As a planning committee member for the wonderful Washington Island Literary Festival, I was on the author selection team, reading fiction works this past winter by several writers under consideration. Now that the slate of presenters is confirmed for the September event, I’m exploring titles that weren’t on my personal review list.
Bonnie Jo Campbell’s ONCE UPON A RIVER is set in Michigan in the early 1980s, along the Stark River, a tributary of the Kalamazoo. Sixteen-year-old protagonist Margo Crane is a crack shot with a rifle, an experienced river navigator, and a fan of Annie Oakley. The death of her father shortly after the novel opens (not spoiling—his demise is right there in the cover blurb) sends her on a quest for her beautiful, absent mother. As any hero worth her salt should be, Margo is thwarted at every turn.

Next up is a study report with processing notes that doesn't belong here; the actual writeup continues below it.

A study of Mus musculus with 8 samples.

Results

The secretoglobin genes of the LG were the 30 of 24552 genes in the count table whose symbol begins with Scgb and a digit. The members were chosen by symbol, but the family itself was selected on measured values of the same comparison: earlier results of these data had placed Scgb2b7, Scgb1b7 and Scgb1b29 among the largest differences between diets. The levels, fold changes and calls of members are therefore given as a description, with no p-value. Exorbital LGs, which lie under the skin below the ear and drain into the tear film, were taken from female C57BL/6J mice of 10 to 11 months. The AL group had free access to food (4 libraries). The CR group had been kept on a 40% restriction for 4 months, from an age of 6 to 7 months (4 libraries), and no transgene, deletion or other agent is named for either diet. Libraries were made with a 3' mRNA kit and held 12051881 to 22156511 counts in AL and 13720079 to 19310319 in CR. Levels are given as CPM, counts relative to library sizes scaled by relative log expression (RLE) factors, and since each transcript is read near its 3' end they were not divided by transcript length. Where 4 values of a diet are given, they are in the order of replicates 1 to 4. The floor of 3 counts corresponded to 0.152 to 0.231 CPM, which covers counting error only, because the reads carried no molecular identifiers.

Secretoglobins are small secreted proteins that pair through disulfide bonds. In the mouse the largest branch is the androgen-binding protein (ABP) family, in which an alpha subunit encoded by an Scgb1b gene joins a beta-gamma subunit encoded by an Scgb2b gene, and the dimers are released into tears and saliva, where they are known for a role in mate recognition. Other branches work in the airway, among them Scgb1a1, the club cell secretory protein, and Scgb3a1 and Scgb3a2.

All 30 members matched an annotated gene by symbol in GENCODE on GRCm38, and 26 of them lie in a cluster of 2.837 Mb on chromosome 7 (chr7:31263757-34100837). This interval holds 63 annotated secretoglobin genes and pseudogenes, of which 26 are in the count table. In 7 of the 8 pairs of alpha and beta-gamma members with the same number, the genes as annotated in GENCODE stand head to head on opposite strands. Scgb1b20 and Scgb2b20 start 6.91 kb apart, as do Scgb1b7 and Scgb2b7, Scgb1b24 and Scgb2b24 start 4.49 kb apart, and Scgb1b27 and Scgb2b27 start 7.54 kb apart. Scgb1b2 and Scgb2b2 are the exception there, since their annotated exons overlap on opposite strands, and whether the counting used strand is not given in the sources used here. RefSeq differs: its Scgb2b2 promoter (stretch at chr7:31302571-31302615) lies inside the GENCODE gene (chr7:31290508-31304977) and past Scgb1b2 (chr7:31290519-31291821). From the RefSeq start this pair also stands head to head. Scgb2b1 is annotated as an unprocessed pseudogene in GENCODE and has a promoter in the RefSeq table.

Campbell’s writing makes great reading. Her colorful, rough characters are well-drawn and dimensional, some of them almost Faulknerian, in my view, though Kalamazoo is a long way from Oxford, MS.
In her rowboat, Margo travels the Stark in both directions so many times the title might have been UPSTREAM, DOWNSTREAM, but Hunter’s writing is powerful enough to put the reader right on the water with our protagonist, who’s basically an abandoned child. Margo lives off the river and the land for much of the story, makes friends on both banks, and gets in such a heap of trouble my jaw dropped several times. She’s an authentic character, described by a capable, credible writer, and I found the ending truly satisfying (which doesn’t happen as often as I wish).
My only question was the about behavior of deer during hunting season. Bucks and does wandered frequently into areas of human habitation, as if inviting Margo to shoot them, which she does. In Iowa and Wisconsin, where I live, the deer we see everywhere the rest of the year vanish so profoundly on opening day we wonder if they received a memo.
That said, I liked Campbell’s writing so much I purchased her book of short stories, AMERICAN SALVAGE, for future reading.